Buffalo River - Gabe Levin

Levin shows off a beauty from a recent day on the water.

Levin shows off a beauty from a recent day on the water.

When fishing clear water like the Buffalo River, visual data is all around you. Wear polarized sunglasses to help you see in the water. If you’re catching fish, notice the characteristics of the water you’re fishing. What does the bottom structure look like? How much depth and current is there? 

If you aren’t catching fish, look for them as you paddle around. If you can visually locate them, then you can start to determine why you aren’t catching them. Are they positioned deeper or shallower than you expected? Are they exhibiting a specific feeding behavior, busting minnows against the surface, protecting a spawning ground or cruising the shoreline? The more you can see, the more pieces to the puzzle you have.

Fishing from a boat will increase your river access dramatically over wade fishing, but only to the extent you can control the watercraft’s position. To get your lure/fly to the river bottom in likely spots, you’ll need to slow your drift speed considerably. The ideal way to fish moving water is with a partner, where one angler focuses on boat positioning while the other focuses on accurate and effective casting. If you must fish alone, move out of the strong current into slower areas and point the boat upstream to help keep yourself in place.

Catching the Buffalo River’s scrappy smallmouth bass is mostly a matter of timing. Being a popular tourist destination, the river is best fished on weekdays because the weekend and holiday crowds send most of the better fish hiding under the rocks.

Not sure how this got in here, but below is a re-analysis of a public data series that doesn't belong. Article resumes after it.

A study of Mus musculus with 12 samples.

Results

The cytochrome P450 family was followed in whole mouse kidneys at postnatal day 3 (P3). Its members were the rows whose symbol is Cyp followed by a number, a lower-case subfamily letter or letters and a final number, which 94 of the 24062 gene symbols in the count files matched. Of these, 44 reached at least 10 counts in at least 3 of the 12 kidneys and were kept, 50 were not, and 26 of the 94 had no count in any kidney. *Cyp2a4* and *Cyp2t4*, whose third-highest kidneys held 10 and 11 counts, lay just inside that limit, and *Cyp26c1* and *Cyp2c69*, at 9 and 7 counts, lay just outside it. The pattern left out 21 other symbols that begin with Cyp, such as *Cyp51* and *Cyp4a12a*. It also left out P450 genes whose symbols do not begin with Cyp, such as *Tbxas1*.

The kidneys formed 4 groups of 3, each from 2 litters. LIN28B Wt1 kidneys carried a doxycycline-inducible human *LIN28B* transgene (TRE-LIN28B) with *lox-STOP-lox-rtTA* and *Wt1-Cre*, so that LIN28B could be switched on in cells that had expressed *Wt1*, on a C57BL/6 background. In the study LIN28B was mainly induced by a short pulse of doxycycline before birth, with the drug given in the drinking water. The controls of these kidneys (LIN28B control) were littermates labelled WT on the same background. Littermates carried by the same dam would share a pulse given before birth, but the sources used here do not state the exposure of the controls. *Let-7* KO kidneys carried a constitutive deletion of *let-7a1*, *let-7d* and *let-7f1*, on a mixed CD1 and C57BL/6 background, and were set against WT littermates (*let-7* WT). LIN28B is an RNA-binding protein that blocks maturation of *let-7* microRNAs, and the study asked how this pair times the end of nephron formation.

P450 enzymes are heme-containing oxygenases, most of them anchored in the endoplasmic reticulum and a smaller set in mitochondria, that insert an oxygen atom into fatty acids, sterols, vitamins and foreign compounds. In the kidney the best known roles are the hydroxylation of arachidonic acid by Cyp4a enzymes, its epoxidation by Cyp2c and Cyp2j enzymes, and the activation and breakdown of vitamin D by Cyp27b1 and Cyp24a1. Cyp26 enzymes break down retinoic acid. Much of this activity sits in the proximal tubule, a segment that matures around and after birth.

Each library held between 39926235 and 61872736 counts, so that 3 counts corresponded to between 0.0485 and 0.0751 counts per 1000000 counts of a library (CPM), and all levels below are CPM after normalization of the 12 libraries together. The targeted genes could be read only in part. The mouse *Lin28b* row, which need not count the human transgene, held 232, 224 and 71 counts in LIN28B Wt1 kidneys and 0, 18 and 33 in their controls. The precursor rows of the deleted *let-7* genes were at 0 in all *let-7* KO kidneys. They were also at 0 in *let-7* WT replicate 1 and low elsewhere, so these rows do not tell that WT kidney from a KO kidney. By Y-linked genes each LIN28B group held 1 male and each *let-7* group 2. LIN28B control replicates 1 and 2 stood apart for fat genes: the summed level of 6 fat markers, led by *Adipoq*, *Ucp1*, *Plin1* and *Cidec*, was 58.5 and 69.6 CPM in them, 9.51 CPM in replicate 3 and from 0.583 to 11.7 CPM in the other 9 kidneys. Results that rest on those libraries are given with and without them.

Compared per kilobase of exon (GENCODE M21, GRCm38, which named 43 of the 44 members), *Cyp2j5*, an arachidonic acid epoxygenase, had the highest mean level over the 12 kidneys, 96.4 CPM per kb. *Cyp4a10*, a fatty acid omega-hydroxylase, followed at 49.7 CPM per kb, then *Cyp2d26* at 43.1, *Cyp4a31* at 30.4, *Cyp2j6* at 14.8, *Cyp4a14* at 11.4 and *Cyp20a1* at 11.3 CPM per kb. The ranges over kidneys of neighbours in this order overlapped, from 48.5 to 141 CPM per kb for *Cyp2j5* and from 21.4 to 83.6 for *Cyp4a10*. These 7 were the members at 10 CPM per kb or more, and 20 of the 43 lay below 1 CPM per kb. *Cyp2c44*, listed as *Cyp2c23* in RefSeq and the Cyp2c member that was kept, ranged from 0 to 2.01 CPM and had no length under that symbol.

The Buffalo River’s water volume is always changing. Fortunately, you can gauge height at The ideal range for fishing is 4-6 feet on the St. Joe gauge. In this range, the water is greenish clear and moving at a moderate pace. Below 4 feet, the river can still fish well, although the bass will be extra wary and floating becomes more strenuous due to shallow rocky shoals and long stretches of little current. Above 6 feet, the water starts to lose clarity and moves so quickly it becomes difficult to get your lure or fly in front of a fish. 

When water temperature is below 60 degrees, bass will be mostly in deep pools near large boulders and ledges. Choose heavily weighted lures/flies that imitate natural bass prey like minnows and crayfish. Let the lure sink to the bottom before retrieving very slowly. Bass will be a little slow to respond in cold water. 

As water temperature rises into the 60s and 70s, bass feed in shallower water that has both structure and current. Fish the transitions from fast to slow water and from shallow to deep. Try Hada’s Craft Fur Clouser Minnow and Hada’s Creek Crawler for flies and small plastic tube baits or other plastic crayfish imitations on conventional tackle. Observe the minnows and crayfish in the river and try to make your lure/fly look and act like the real thing.

Stop for a moment and look around you. The Buffalo was the very first river to obtain National Park status and for good reason. It’s visually stunning and loaded with aquatic and terrestrial wildlife. It has over 60 species of fish, a statistic of biodiversity nearly unparalleled among rivers. Don’t get so absorbed in catching them that you fail to notice the paradise surrounding you. 

Gabe Levin grew up on Little Mulberry Creek with a fly rod in his hands. A guide with Dally’s Ozark Fly Fisher in Cotter, he’s an expert on the Buffalo River, the White and Norfork tailwaters and Crooked Creek, where he calls home.